WSJ Video: Watch how methane is measured : Gassy Sheep Add to Global Warming
Have you heard that cow farts are causing global warming?
Actually, most of the methane emissions from cows and other livestock aren’t from flatulence or farts. They’re from burping. About 98 per cent of the methane from a cow is emitted through its mouth. (source: Kebreab, Journal of Animal Science.
In fact, the average grain-fed dairy cow belches out about 500 litres of methane each day, compared to about 600-700 litres a day per grass-fed cow, due to their unique enteric fermentation digestive process. (source: Ermias Kebreab of the National Centre for Livestock and the Environment). In total, livestock’s total gas emissions include 37% of all methane (20 times more powerful than CO2) and 65% of all nitrous oxide (296 times). Yes it’s much funnier to talk about farting than burping/belching. It certainly raises more eyebrows, which explains why many of the headlines on cattle methane go for the “farting to blame for global warming” angle instead, despite its inaccuracy.
The answers to the commonly asked questions below will help dispel the inevitable joke/comment on our gassy footprint.
How many livestock are there?
- In 2007, at any given time, there were approximately 1.3 billion cattle, 1 billion sheep, 1 billion pigs, 800 million goats and 17 billion chicken (UN FAO). This means – one cattle for every five people, one sheep for every six, one goat for every eight, and 2.5 chickens for every person.
- 10 billion animals are raised and slaughtered each year in the USA (30 animals for each American)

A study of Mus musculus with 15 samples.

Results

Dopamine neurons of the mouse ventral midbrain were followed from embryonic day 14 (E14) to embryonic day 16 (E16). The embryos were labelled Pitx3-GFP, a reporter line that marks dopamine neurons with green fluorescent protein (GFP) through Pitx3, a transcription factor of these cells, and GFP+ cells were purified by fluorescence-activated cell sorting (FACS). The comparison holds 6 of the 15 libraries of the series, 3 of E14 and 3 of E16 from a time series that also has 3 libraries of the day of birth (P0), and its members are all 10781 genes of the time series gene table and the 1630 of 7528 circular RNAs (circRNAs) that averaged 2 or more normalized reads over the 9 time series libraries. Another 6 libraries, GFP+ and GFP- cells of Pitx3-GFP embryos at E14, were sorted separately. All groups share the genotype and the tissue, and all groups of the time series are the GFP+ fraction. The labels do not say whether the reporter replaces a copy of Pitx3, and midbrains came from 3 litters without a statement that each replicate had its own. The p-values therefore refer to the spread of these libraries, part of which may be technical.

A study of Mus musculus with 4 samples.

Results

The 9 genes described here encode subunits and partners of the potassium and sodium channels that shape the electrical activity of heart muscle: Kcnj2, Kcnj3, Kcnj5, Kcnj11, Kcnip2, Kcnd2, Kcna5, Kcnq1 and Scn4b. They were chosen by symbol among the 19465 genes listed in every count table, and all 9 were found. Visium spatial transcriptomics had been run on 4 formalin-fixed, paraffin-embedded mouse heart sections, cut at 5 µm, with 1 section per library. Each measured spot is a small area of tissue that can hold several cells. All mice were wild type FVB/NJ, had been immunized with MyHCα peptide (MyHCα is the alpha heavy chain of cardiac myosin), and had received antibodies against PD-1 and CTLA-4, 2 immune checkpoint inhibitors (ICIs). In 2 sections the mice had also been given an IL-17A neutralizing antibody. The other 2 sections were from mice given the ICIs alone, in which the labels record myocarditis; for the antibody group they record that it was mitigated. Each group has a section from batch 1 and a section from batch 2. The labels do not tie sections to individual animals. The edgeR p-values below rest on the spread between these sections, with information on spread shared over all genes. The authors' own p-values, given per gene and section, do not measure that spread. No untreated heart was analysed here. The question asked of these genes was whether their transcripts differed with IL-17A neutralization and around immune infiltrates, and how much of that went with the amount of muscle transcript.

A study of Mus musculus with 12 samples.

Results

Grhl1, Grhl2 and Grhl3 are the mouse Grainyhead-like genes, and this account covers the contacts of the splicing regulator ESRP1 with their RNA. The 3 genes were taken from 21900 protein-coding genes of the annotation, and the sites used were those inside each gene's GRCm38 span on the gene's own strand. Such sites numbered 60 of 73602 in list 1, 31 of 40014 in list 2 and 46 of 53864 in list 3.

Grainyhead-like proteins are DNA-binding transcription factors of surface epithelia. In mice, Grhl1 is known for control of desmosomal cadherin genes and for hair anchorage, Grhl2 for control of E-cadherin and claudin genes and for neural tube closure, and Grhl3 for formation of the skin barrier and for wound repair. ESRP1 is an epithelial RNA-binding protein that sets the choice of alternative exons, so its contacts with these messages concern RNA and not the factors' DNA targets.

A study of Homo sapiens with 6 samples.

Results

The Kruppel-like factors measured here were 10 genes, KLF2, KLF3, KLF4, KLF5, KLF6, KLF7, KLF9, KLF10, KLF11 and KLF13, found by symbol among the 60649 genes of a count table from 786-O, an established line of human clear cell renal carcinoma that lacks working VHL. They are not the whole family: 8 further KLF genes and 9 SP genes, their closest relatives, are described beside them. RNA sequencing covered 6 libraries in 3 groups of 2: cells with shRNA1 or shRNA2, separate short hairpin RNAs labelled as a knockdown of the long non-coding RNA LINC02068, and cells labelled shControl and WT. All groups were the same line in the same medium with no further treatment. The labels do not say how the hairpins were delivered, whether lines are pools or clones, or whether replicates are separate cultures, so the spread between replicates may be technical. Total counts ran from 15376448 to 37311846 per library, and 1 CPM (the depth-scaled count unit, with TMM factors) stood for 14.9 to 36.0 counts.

How much do livestock eat?
- Each day, a cow eats about 20 pounds of grain, 40 – 60 pounds of ensilage, 30 pounds of hay and drinks about 15 – 25 gallons of water
Do they poop a lot?
- Animals raised for food produce 1.4 billion metric tons of manure, which is 130 times more excrement than the entire human population put together, for a total of 87,000 pounds per second.
When one looks at the number of animals which are eaten, and the amount of crops and energy that are required to feed them, it becomes increasingly clear that we must define the problem as rising meat consumption, not the cows themselves. According to the UN FAO, annual global meat production is projected to more than double from 229 million tons in 2000 to 465 million tons in 2050.
It’s important to understand that methane emissions from livestock are only one part of the “meat footprint”. The emissions from the meat production process includes many other steps which generates high levels CO2.
Some of the ways which the animal agriculture industry generates its CO2 emissions include: the clearing forests for cattle grazing or planting feed (Brazilian Amazon especially), slaughtering livestock in factories, and transporting, storing and packaging the meat. So please don’t let anyone keep you from holding in farts (it’s bad for you) or keep you from enjoying beans.
Correction: A previous version cited that the average dairy cow belches out about 100 to 200 liters of methane each day, according to Michael Abberton, a scientist at the UK-based Institute of Grassland and Environmental Research. Guess you can average it out.
But whether it’s farting or burping, it’s given plenty of ammunition for global warming skeptics to make light of global warming, and the research & policies that are proposed to address animal agriculture’s impact.